And so, the pubs, cafes and restaurants have reopened! While the red-tops featured images of drunken revellers falling about in the street, for the vast majority, the reopening of their businesses was a much calmer affair. Some venues chose to delay their opening to see how the first weekend of business was dealt with by their industry colleagues, while others opened but with very limited service times or numbers.
Our Head of Marketing pre-booked to visit her local gastro pub and shares her experience and feedback with you here:
“On Saturday morning I was so excited, it was like the first day of a holiday. My table was booked for 9.30 am, we (my husband, myself and our child) were heading out to a local pub for brunch and a cheeky bucks fizz.
According to the booking site, the venue was fully booked; I wondered what fully booked meant to a place like this, with a substantial garden and a generously sized inside space. Upon arrival it seemed the answer was: empty. We were one of only two cars in the carpark. Okay, so, they were taking the cautious approach. That seemed sensible to me. We were greeted by sandwich boards instructing us on how to approach and enter the venue and as we went in, we could see staff wearing vizors cleaning down tables. The number of tables was clearly reduced, and two wide aisles had been created down the room to make space for customers walking through.
We were shown to our table at the back of the room and our waiter explained to us how to access the toilets and gave us instructions on how to move around the room safely. We were also shown a different exit to avoid contact with anyone entering as we left. There were no arrows or tape on the floor, but in front of doors there were floor stickers asking people to maintain a social distance. There were also some screens being used to separate certain areas of the room.
On our table we had paper menus printed with a stamp – single use only. That made sense, although I imagine they’re going to be going through a lot of paper in the next few months. A digital menu could have made more sense and would save them money, and be kinder to the environment, in the long-term. Also confusing was the addition of another laminated menu on the table. My husband moved it out of the way, I pointed out that it and the napkin box it was with, probably shouldn’t be touched.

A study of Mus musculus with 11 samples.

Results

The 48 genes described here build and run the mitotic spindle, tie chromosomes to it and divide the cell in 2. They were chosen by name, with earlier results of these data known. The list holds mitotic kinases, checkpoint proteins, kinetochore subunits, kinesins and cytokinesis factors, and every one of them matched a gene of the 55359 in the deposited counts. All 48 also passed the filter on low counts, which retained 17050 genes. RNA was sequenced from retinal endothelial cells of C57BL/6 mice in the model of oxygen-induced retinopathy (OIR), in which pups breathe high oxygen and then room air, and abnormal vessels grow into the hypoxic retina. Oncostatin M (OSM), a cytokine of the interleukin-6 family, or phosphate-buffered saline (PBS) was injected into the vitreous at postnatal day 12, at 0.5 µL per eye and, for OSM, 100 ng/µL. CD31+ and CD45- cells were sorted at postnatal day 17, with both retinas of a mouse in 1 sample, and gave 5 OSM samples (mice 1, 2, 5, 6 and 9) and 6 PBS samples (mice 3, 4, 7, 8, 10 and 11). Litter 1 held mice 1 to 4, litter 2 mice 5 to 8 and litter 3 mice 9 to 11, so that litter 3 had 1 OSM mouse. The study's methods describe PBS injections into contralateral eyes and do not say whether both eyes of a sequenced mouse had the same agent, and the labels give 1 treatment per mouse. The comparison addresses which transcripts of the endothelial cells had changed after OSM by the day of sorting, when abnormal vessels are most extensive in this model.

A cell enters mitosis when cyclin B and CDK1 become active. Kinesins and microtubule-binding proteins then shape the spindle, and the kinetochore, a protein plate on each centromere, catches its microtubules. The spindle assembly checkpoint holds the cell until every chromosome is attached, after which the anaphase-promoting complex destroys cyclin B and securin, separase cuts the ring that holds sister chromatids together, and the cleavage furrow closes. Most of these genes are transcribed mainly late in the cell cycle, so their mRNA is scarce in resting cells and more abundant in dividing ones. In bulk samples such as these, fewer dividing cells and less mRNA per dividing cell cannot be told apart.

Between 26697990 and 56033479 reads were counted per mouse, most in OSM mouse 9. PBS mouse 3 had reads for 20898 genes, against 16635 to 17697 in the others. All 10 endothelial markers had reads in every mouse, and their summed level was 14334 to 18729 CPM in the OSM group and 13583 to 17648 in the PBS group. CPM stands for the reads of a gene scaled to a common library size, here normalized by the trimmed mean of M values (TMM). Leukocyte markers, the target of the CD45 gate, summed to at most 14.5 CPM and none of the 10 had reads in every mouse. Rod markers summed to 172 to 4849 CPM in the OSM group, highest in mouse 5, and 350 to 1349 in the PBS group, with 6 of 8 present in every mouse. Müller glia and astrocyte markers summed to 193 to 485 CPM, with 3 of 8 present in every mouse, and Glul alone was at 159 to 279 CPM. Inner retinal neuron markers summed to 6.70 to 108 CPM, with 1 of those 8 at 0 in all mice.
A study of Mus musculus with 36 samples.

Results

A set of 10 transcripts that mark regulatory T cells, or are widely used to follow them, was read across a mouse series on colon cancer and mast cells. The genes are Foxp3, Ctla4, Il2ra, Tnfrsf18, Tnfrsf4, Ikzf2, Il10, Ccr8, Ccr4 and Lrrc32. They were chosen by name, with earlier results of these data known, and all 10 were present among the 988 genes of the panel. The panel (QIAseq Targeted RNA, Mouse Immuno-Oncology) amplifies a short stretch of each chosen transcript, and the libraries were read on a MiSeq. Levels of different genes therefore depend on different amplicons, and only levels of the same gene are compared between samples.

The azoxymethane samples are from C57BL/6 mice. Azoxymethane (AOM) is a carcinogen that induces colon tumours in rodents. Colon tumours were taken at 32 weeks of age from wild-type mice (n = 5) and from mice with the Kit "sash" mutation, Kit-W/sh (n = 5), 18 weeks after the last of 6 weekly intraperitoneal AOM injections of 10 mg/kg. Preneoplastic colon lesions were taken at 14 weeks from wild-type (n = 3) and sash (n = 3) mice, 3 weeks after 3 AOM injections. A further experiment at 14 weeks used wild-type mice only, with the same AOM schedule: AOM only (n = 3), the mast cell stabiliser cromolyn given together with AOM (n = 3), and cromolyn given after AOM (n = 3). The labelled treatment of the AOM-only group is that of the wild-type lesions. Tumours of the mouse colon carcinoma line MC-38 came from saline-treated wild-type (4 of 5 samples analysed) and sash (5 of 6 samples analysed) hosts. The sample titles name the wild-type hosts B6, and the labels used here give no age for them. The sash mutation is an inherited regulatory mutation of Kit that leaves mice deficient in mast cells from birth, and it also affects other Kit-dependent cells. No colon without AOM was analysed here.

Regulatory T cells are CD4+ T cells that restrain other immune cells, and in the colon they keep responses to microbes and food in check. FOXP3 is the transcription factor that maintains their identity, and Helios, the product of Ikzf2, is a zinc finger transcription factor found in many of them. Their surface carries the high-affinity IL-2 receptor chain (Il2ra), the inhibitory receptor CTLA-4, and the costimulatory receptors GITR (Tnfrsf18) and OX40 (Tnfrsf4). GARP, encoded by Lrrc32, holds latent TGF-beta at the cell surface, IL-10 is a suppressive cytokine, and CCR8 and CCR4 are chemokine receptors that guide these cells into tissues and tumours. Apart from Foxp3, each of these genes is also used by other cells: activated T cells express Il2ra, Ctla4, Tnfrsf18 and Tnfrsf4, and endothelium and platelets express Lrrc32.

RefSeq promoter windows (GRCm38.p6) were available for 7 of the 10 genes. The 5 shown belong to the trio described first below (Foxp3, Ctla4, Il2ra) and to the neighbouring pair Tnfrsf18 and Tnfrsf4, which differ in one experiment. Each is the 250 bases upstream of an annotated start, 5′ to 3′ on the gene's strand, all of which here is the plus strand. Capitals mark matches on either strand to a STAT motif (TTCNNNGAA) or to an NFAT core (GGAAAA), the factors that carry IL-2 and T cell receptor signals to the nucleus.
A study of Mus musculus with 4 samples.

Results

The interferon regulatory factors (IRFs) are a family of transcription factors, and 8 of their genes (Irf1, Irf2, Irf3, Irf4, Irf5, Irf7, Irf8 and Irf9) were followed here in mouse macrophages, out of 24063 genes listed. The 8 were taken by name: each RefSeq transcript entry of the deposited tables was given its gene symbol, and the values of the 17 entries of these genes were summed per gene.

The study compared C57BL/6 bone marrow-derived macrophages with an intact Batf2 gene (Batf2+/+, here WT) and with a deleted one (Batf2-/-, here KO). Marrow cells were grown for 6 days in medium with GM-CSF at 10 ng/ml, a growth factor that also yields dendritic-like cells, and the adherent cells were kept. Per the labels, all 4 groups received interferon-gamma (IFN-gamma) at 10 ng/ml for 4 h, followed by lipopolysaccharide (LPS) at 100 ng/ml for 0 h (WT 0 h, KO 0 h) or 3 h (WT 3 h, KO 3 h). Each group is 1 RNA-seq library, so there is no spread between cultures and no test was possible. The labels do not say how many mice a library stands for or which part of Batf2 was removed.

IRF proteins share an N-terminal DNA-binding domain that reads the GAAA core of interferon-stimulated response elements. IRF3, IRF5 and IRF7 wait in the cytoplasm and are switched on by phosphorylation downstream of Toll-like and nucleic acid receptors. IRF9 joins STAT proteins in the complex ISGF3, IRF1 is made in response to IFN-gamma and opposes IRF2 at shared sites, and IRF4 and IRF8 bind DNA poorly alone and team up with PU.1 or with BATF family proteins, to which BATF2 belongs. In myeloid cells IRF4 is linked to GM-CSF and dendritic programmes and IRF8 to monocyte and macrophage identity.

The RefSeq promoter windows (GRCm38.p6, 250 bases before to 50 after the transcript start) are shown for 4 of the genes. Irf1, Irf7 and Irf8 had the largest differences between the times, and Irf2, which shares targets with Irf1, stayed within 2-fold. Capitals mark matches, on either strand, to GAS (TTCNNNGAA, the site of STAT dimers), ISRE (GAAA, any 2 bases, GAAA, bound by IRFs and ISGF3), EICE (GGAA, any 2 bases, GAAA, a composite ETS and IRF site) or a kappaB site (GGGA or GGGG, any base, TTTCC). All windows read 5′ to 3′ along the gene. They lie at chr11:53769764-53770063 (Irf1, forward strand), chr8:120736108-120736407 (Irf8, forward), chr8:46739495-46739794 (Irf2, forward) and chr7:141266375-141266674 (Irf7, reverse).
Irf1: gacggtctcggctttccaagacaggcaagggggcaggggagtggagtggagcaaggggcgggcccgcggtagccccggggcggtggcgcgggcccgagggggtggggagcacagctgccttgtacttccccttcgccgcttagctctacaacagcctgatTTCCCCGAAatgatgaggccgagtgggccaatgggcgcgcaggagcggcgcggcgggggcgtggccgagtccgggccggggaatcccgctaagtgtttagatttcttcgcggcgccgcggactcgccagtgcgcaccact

Our waiter (who wasn’t wearing PPE) took our order, standing a meter away – but later leaned in and took our disposable menus out of our hands. When she returned, she delivered our cutlery in paper bags which also contained salt and pepper. A cute touch – though given the plates and condiments were handled without gloves etc, I’m not sure whether a napkin might have been just as effective.
While we were there, there was never more than three tables and we were spread a good distance apart. The atmosphere was nice. Yes, it was quiet but there was low music, plenty of staff making background kitchen noise, and the general ambiance of the room was still chilled. The food was good and my bucks fizz was amazing after four months away from a pub! Payment was a bit tricky, there was no clear direction and so in the end we went up to the front of the bar and paid by card.
Our experience was, by and large, a good one and we felt safe, if a little confused that some staff wore PPE and gloves and others didn’t. The pub had followed government guidelines and had a full risk assessment published on its website. The decision to keep numbers low on that first day of opening was wise as it gave the team time to settle in and, I assume, make note of areas for improvement. It was also comforting to know we had booked a table and that hordes of people weren’t able to turn up at will (though hopefully our 9.30am time slot also helped us out there!)
We would have felt 100% secure if there had been a little less close contact from our server. This could be remedied with relative ease using digital menus on-site, or even an order-to-table system. Moreover, a pay-at-table solution would have saved us confusion at the end, as well as the close contact that inevitably comes from using a pin-entry-device for payment.
Will we be heading back out? Absolutely! I would be keen, however, to visit places which have those technologies in place. Contact between us and our waiter was my biggest concern and I know how easily order and payment technologies, like the ones supplied by QikServe, can minimise that.”
It’s not as catchy as: ‘When is a door not a door?’ (answer, when it’s a jar) but it speaks to the idea that in-car collection, and the technologies that support it, are flexible enough to bend to the needs of a business and its guests.
Delivery can be daunting to the uninitiated, and it might be tempting to sign up with a third-party ordering aggregator that offers the service, such as UberEats, but other options could suit your business and brand better. Here we present three different ‘levels’ of delivery, starting with the most basic – and cheapest method: doing it yourself.